Nikolaos Arkadopoulos, MD; Vassilios Smyrniotis, MD; Kassiani Theodoraki, MD; John Vassiliou, MD, FACS; Panagiotis Dimakakos, MD
Parenchymal transection is an important stage of liver resection. Among the various transection techniques, finger fracture, clamp-crushing and ultrasonic dissection are the most widely used. In this video we present the technical details of a major hepatectomy performed for an 8-cm right lobe cholangiocarcinoma using sharp liver transection under selective vascular exclusion, a method that implies complete inflow and outflow occlusion of the liver without disturbance of the flow in the inferior vena cava.
Briefly, following division of its ligamentous attachments, the liver is disconnected from the Retrohepatic inferior vena cava by dividing the short hepatic veins. Following intraoperative ultrasonography, the hepatoduodenal ligament is clamped and the major hepatic veins are dissected and clamped extrahepatically. Next, the liver parenchyma is transected with a scalpel. Hemostasis is achieved by suturing all vascular and biliary orifices on the remnant side only.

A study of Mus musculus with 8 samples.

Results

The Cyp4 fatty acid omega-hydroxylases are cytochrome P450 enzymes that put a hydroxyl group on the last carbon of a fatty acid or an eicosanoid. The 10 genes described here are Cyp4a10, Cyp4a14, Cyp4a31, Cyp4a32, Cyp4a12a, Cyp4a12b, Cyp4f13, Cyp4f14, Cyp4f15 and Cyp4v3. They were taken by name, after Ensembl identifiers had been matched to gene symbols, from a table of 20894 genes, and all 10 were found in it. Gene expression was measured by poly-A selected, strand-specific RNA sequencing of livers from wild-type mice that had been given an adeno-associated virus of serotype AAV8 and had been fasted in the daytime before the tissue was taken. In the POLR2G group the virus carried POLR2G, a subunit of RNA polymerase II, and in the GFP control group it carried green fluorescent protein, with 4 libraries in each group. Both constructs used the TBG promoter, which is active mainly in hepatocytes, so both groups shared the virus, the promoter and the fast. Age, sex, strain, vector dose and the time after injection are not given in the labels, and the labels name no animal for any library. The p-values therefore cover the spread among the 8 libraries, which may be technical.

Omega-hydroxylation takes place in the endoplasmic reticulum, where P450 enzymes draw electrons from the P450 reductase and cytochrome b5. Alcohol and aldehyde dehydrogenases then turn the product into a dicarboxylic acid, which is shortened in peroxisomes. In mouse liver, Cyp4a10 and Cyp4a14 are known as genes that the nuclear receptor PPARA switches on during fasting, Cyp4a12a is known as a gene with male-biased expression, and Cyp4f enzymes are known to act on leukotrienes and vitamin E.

In conclusion, sharp transection of the liver is a safe but technically demanding method that requires experience with vascular exclusion techniques. However, the technique is fast, allows extremely precise resection planes and may be preferred when the tumor-free margins are anticipated to be narrow, as it happens with tumors close to major vascular and biliary structures that need to be preserved.